To a person unaware of the potential damage, it might not seem like a big deal to pour liquid cooking oil down a sink. But that creates problems for home plumbing, sewers and the environment. Oil coats pipes, eventually causing clogs. Hardened cooking oil in sewer pipes can make sewage back up into the home, requiring expensive repairs. In community water systems, blockages from grease and oil can cause sewage backups into streets and waterways, creating public-health and environmental risks.
When someone pours cooking oil down the drain, your first thought might be to help dissolve or break it down by using hot water, detergent, the garbage disposal or a drain cleaner. But these are not effective or, in the case of drain cleaners, should not be used regularly, according to the St. Vrain, Colorado, Sanitation District. Hot water cools down in pipes, causing oil -- and other fat and grease -- to harden farther down the sewer system. Detergents, even the ones that say they remove grease, also cause clogs further down in the pipe or system. Home garbage disposals are unable to remove grease and oils from plumbing. And drain cleaners, which can help break up oil-related clogs, are corrosive and, when used frequently, can damage the sewer line, requiring costly repairs.
A natural, noncorrosive remedy recommended by Michigan State University Extension is to pour 1/2 cup of baking soda down the drain, followed by 1/2 cup of white vinegar, which causes a lot of fizzing in the drain. Cover the drain to contain the fizzing action and, after five to 10 minutes, flush the drain with a kettle of boiling water. According to the extension, baking soda and vinegar can break down fatty acids into soap and glycerine and prevent clogs. A word of warning: To prevent burns and injury to the face or eyes, this method must not be used if a commercial drain opener has been used or is present in any standing water.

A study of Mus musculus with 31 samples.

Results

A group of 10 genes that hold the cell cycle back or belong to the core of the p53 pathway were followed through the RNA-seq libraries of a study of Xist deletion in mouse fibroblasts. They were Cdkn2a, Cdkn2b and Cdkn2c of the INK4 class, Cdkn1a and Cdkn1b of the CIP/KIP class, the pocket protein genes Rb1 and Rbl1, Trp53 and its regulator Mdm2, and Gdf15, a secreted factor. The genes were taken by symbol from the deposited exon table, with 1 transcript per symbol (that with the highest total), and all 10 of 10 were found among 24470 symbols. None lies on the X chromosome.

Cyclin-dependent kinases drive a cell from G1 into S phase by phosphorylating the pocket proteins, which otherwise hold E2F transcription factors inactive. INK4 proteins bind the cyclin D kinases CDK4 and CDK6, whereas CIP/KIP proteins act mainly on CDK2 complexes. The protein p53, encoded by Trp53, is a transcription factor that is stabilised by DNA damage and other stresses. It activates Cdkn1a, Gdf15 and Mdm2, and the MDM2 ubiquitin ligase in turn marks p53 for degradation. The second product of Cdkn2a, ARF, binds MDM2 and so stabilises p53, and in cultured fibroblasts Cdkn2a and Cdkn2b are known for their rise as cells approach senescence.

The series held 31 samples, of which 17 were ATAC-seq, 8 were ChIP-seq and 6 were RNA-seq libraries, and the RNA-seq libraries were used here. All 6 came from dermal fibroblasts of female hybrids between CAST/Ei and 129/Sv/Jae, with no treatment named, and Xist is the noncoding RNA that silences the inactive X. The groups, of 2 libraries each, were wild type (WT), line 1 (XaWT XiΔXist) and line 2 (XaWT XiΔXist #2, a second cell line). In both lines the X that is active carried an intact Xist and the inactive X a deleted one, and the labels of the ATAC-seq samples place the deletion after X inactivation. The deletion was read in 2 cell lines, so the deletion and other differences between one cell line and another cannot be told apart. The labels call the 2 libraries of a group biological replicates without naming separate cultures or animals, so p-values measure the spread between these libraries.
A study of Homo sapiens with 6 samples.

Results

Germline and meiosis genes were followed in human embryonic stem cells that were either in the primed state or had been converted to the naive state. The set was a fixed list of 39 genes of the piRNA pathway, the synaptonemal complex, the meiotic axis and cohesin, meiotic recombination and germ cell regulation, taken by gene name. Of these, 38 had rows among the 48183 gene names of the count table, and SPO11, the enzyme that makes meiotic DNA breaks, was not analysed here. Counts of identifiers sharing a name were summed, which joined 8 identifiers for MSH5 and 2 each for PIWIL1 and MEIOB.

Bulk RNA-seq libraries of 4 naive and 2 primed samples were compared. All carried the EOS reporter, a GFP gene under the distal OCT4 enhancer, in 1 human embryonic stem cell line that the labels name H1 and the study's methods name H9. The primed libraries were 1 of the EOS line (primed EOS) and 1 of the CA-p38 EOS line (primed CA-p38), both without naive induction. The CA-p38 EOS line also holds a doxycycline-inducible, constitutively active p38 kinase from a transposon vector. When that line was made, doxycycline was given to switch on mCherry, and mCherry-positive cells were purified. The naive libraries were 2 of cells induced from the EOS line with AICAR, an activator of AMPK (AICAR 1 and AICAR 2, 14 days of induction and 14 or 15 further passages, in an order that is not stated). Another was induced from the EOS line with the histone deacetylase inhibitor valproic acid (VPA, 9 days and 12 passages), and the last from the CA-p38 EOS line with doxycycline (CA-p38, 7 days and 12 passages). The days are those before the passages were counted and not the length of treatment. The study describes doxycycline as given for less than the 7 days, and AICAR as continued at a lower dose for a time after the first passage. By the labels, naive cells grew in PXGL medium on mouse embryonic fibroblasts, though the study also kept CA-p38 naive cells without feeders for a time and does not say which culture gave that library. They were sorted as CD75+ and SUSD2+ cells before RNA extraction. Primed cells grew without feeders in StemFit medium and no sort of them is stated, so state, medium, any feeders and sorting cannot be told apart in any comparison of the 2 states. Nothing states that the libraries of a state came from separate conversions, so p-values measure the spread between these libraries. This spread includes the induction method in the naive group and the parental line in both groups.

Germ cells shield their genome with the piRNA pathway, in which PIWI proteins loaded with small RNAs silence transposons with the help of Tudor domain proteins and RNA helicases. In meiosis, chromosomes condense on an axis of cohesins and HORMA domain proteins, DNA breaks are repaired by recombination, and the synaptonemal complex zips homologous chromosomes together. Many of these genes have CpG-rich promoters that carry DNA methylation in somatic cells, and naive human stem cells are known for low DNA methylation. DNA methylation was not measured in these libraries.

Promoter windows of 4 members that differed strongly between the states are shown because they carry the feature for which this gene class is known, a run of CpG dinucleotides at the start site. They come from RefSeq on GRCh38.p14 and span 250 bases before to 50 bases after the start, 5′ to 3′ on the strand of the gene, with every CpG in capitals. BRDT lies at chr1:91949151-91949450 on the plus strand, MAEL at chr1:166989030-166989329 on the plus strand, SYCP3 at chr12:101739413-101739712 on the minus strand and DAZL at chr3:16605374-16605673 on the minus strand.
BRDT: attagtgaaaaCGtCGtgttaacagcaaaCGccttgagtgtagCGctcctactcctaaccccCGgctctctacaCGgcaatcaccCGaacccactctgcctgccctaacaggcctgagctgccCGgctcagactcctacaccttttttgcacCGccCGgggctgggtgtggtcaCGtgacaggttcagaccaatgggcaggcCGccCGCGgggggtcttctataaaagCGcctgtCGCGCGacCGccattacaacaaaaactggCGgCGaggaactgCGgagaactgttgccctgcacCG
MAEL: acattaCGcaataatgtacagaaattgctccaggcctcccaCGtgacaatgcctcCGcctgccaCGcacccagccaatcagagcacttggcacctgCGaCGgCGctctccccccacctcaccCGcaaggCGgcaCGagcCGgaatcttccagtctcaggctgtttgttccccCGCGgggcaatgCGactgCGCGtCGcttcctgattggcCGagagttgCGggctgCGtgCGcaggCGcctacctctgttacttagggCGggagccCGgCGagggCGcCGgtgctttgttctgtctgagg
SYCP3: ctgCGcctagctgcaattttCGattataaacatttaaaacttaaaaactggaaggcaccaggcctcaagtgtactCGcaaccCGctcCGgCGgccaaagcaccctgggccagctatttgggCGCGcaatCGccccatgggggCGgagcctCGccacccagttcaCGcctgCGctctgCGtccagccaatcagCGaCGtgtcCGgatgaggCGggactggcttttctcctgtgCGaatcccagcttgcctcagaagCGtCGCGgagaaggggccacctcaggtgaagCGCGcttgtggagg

The best way to dispose of home cooking oil is to pour it into containers with lids, such as empty glass jars. Allow the oil to cool and solidify, tighten the lid on the container and and deposit it in the trash. Or, save the oil in a resealable container and take it to a community cooking oil and grease drop-off location for recycling, if available in your area. Alternative fuels for diesel engines and home heating oil are made from recycled cooking oil, and it is an ingredient in some livestock feed, pet food and cosmetics. Additionally, it is best to wipe out cookware and any oily dishes or serving ware with an absorbent paper towel to remove oil before washing.
What Else Can't Go Down
Your local water and sewer agency can tell you what liquids can or can't go safely down your drain. The San Diego Metropolitan Wastewater Department, for example, has the typical requirements that liquids not be radioactive waste, hazardous chemical waste or untreated biohazardous waste; not be solids, sludges or viscous substances; and not have corrosive pH levels, grease or oil, and temperatures of 150 degrees Fahrenheit or higher in volumes of more than 10 gallons.
- East Bay Municipal Utility District: Avoid a Clog -- Keep Grease Out of Your Drain
- St. Vrain Sanitation District: Grease Traps
- Michigan State University Extension: Homemade Cleaners
- Vale Daily: Can I Pour Cooking Oil Down the Drain?
- Los Angeles County Department of Public Works: Protecting Your Sewer System from Fats, Oils and Grease
- University of California San Diego Blink: Sewer Disposal: What Can Go Down the Drain?